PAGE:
When it comes to some of the world’s biggest trade deals, Coloradans are often left in the dark until it’s too late. That’s exactly what happened with the Trans-Pacific Partnership (TPP), a proposed trade deal between the United States and 11 other governments that, if approved by Congress, would ship jobs overseas and increase threats to our air, water and climate.
We’ve already seen how trade deals hurt our jobs and our wages. Over 20 years ago, the U.S. was promised economic prosperity from the North American Free Trade Agreement, or NAFTA. Instead, the deal has led to job displacement in all 50 states, including a net loss of 11,300 jobs in Colorado — a net loss that has hurt our economy and wages.
The TPP only stands to exacerbate the problem — we’ll be competing with corporations relocating to countries like Vietnam, where the average minimum wage is a meager 70 cents per hour. At a time when we’re fighting for fair, livable wages, this is beyond unacceptable.
It’s not just jobs that are at stake — the health of our environment hangs in the balance too. The TPP tilts the playing field in favor of multinational fossil fuel corporations, with an “investor-state dispute settlement” provision that allows corporations to sue governments in private trade tribunals, where they can demand our taxpayer dollars for environmental protections meant to keep us safe. We saw this threat laid bare just recently when TransCanada, the company behind the destructive and unnecessary Keystone XL pipeline, announced its plans to use investor-state provisions in NAFTA to sue the U.S. government for $15 billion in so-called “expected revenues” for the Administration’s rejection of the toxic pipeline. For us in Colorado, that’s the equivalent of about $100 from each individual income tax return.
Colorado’s taxpayers shouldn’t have to pay multinational corporations for American laws that we voted for to protect the air we breathe, the water we drink and the food on our dinner tables.
And yet, corporations have launched hundreds of these lawsuits under similar trade deals, increasingly focusing their attacks on fossil fuel restrictions.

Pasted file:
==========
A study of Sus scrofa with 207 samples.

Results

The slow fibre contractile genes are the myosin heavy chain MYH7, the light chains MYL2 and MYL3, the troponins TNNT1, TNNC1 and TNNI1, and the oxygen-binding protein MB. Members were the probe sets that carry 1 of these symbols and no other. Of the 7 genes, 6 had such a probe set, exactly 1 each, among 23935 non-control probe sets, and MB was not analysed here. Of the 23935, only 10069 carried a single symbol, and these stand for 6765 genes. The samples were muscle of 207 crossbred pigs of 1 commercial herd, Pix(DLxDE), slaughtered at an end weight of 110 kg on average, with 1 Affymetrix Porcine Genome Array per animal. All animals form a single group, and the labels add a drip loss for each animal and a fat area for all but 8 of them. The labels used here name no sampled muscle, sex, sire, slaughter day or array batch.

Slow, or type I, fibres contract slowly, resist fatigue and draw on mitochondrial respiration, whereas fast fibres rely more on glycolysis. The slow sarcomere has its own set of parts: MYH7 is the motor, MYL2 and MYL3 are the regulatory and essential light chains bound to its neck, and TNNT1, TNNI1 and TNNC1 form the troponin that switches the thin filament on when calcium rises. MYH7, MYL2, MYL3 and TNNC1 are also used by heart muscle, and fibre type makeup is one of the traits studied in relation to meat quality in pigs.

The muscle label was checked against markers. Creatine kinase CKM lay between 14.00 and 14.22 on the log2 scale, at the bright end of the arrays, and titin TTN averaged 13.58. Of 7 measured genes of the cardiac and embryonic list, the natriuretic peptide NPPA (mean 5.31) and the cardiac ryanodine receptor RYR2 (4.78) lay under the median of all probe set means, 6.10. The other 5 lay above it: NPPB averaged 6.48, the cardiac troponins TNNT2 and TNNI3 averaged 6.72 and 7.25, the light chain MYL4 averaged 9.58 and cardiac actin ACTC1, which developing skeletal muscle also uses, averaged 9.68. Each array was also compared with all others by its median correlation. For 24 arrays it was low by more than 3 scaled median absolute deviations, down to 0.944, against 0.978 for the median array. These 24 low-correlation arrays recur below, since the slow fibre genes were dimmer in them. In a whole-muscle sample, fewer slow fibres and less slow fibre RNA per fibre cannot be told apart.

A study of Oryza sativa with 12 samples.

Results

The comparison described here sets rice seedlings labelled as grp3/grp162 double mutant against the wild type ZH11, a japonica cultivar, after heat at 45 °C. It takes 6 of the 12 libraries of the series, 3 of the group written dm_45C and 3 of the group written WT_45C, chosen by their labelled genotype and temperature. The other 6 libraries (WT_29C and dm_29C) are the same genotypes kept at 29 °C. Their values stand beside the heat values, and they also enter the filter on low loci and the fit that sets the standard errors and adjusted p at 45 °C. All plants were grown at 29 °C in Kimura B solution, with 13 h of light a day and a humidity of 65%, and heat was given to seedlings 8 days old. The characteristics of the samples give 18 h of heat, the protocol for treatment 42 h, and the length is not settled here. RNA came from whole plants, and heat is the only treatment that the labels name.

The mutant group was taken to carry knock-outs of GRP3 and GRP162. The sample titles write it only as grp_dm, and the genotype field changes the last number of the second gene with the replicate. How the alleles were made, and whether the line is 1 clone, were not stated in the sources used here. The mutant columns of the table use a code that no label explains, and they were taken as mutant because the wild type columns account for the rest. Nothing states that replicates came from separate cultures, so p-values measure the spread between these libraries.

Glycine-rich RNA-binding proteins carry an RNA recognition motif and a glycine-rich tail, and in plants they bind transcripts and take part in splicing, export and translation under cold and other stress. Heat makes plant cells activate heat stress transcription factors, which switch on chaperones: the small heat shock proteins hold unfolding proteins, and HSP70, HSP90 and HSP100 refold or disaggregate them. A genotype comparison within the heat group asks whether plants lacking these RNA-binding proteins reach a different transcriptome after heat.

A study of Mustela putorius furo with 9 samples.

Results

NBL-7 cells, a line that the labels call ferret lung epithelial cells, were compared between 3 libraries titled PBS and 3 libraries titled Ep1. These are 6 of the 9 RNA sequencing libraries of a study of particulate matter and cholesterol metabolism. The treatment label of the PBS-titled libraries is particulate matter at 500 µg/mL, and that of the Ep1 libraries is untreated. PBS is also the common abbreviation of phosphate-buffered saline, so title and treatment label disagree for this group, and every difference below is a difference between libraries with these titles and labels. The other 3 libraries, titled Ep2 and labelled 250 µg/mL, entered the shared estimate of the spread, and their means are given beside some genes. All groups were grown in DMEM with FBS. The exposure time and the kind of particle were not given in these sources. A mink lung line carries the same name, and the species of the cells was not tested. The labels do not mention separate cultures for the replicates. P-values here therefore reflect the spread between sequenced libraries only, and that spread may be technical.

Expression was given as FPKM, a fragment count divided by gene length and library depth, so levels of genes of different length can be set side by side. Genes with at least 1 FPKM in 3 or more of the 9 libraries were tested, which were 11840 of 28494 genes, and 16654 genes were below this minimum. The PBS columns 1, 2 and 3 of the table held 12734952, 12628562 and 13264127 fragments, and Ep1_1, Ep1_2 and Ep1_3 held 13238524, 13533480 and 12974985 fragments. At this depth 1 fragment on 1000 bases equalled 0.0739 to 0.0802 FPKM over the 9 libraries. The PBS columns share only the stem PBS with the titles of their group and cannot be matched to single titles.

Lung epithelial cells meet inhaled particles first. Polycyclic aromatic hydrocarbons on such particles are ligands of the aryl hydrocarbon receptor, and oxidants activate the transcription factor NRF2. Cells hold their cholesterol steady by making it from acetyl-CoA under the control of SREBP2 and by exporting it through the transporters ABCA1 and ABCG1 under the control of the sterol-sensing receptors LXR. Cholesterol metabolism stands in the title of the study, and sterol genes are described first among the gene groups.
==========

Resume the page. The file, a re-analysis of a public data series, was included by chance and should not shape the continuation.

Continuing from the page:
The TPP also includes provisions that would give a lifeline to fracking across Colorado and the United States at a time when many of us Coloradans are pushing to restrict fracking so as to protect our air, water and health. By requiring the U.S. Department of Energy to automatically approve all exports of natural gas to countries in the trade deal, the TPP would facilitate increased dangerous fracking and climate-disrupting emissions. In addition, the TPP would nearly double the number of foreign fracking firms that could challenge our protections against fracking in private, unaccountable investor-state tribunals.
In 2015, hundreds of thousands of activists in the climate movement fought against a bill in Congress to fast-track this deal. Ultimately, it squeaked by, and Congress lost its ability to have meaningful input in trade deals like the TPP. Instead, if TPP comes to Congress, our representatives will only be able to vote yes or no.
Last year, Congressman Ed Perlmutter and Congresswoman Diana DeGette voted in the interests of Colorado’s workers, families and environment when they voted no to fast-track authority for the TPP. We need them to stand with our families, our jobs, and our access to clean water and clean air once again by saying no to the toxic TPP.
As workers and environmentalists, we’ve stood up to big polluters before — and won. As we face off against this polluter-friendly trade deal, we must stand strong and united to win again.
This opinion column does not necessarily reflect the views of Boulder Weekly.